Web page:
Leading Better Value Care
Local vignette – St Vincent’s Hospital Network

Hip fracture care

Timing to surgery – a clinician's perspective

By Dr John Rooney and Emma Pauley

27 Apr 2021 Reading time approximately

What is important to know about your service?

St Vincent’s Hospital Sydney is a full service acute public teaching hospital with a trauma centre. The metropolitan hospital has 379 beds and sees more than 150 patients with hip fracture injuries annually. The orthopaedic team perform both trauma and elective lists each day.

What organisational model do you use?

Rapid access to theatre and improving time to surgery for hip fracture patients.

Pain management
leads to
Timing of surgery
leads to
Orthogeriatric principle of care
leads to
Mobilisation and weight bearing

What is special about the way care is delivered that is valuable for others to know?

The orthopaedic department conducted a review of the surgery process to create efficiencies in theatre allocation, improvement in patient flow and decreasing the time hip fracture patients waited for access to surgery. The ultimate goal was to meet the 24-hours to surgery target, which is best practice for this patient cohort.

Previously, there was one room with elective surgery in the morning followed by emergency trauma list in the afternoon. Due to the changing demand of trauma patients, hip fracture patients often had to be re-prioritised to the next day, impacting on patient safety, patient flow and increased bed day costs per patient.

As a result the team decided to split the two lists, elective surgery remaining in the morning at half a day, whilst there is a full day trauma list in a separate theatre. The modification of theatre time and space enabled greater utilisation of resources and increased access for hip fracture patients.

How was this done?

To justify the increased amount of theatre time, the orthopaedic department reviewed the management of patients requiring surgery following a wrist, ankle and clavicle fracture. For those patients who were safe to do so, they are discharged home and return the following day for planned surgery. This not only assisted in theatre allocation planning, but the bed day savings as a result of this change funded the added theatre list time.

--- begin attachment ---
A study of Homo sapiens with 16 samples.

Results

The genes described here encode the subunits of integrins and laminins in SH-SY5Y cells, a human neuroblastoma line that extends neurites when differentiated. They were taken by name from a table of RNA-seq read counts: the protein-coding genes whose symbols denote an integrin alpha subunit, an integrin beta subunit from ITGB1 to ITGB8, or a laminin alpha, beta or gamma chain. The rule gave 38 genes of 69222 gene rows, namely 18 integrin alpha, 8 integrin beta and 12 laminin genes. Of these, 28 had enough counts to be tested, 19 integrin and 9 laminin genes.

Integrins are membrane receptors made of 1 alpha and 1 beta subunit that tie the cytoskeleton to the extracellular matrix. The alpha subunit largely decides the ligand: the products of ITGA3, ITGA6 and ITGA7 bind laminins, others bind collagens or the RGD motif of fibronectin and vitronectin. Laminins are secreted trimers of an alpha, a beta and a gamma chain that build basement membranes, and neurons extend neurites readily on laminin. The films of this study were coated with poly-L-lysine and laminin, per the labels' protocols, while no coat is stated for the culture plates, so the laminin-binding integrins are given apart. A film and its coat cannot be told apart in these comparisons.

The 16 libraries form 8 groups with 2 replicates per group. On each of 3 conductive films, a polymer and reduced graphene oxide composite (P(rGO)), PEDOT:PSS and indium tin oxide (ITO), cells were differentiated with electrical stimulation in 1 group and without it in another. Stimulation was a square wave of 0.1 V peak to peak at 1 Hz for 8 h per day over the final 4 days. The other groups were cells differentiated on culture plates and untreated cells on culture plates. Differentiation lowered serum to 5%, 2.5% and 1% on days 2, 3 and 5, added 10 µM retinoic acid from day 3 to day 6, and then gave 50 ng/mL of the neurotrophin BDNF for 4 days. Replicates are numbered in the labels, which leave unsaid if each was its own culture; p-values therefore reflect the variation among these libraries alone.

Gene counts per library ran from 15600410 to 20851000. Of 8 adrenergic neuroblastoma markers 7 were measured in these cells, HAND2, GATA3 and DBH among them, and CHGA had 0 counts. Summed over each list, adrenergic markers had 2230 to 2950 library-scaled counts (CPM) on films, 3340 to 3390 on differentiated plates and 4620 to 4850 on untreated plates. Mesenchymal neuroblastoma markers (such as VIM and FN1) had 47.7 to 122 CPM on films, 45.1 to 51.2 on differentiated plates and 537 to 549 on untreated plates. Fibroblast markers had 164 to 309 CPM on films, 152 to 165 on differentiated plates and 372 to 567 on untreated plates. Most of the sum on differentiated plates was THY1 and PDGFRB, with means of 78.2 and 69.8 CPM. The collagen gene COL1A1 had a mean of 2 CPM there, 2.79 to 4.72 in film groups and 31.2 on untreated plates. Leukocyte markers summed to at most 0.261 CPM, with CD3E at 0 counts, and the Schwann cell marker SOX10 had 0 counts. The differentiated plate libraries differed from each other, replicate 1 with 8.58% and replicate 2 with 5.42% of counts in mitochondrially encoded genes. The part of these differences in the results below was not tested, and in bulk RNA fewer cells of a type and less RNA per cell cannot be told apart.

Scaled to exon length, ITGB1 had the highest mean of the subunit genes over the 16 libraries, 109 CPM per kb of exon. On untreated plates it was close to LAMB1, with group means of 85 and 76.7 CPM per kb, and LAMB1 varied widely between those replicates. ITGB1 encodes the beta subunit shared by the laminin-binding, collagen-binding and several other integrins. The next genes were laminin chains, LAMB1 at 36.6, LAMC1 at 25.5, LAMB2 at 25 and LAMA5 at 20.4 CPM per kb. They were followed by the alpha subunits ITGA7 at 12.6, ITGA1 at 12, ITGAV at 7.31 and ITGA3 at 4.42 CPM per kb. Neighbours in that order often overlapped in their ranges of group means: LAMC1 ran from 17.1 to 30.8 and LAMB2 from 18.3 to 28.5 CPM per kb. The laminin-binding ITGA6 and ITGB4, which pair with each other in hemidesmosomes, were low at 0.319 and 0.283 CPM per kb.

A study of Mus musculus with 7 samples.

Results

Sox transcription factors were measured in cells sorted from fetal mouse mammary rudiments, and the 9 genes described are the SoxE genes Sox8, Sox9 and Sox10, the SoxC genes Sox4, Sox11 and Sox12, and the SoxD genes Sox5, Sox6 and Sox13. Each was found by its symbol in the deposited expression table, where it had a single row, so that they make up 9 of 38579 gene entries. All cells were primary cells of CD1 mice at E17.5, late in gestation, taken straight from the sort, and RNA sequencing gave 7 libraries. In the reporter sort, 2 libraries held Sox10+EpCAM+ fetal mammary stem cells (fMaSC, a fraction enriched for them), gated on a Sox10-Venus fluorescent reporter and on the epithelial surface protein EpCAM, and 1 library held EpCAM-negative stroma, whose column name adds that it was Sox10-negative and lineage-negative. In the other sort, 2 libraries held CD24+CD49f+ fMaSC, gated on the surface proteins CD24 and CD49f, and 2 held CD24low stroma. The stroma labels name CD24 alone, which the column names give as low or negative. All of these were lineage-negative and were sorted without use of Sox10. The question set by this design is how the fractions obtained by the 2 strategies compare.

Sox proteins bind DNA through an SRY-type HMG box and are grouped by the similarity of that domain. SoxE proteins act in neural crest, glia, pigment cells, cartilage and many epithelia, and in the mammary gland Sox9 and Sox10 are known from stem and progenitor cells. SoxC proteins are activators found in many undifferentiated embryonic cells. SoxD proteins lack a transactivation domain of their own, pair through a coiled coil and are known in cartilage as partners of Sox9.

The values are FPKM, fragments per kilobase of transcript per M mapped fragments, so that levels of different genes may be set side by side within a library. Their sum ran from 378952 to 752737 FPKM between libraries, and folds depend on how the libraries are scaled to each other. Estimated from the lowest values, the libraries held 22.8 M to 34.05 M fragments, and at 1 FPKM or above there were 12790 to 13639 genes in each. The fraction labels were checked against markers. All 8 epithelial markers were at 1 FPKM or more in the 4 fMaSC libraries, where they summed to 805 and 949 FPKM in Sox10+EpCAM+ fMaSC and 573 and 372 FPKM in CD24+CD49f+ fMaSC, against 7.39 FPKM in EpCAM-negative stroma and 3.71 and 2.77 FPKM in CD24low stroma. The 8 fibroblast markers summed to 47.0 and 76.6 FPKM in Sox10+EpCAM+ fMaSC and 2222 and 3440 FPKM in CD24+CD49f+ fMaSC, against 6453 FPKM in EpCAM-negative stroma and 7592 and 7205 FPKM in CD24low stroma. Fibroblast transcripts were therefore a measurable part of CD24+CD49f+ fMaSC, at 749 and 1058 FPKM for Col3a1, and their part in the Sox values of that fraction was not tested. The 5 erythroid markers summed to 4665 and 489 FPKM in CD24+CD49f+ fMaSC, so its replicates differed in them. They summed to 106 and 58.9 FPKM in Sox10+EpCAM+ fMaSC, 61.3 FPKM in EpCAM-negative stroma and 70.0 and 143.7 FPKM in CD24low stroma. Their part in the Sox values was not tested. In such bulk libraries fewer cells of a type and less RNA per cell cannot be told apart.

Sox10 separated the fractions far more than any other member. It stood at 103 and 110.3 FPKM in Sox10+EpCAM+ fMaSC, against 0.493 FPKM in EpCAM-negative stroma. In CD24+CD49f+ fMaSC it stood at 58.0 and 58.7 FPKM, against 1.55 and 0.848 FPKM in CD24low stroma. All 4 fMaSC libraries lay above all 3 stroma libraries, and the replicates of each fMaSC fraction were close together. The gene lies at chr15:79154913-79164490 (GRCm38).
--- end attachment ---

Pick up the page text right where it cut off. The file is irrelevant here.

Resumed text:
A large part of this change was the monitoring of the time to surgery. The senior registrar is responsible for reporting weekly data to the head of the orthopaedic department and these results are shared with the multidisciplinary team.

A companion document describes options for organisational models in Hip Fracture Care. One option is rapid access to theatre – this vignette describes the model from a local perspective.

How does it make a difference?

Emergency orthopaedic patients and specifically hip fracture patients, have increased access to surgery leading to time to surgery targets being consistently met, improving both clinician and patient experience, reducing family anxiety about theatre times being delayed.

Further to this, reducing the time to theatre decreases the risk of the patient developing post-op delirium, complications with fasting and enables better pain management.

What tips do you have for others?

  • Gain support from the operation stream manager, head of orthopaedic department, executive directors and theatre management team.
  • Understand the surgical operational process as a whole to identify opportunities to improve patient flow and theatre efficiency.
  • Work closely with the finance department to optimise activity, improve patient flow and therefore improve hospital revenues.
  • Monitoring and tracking of the data, reviewed monthly to maintain vigilance and sustainability.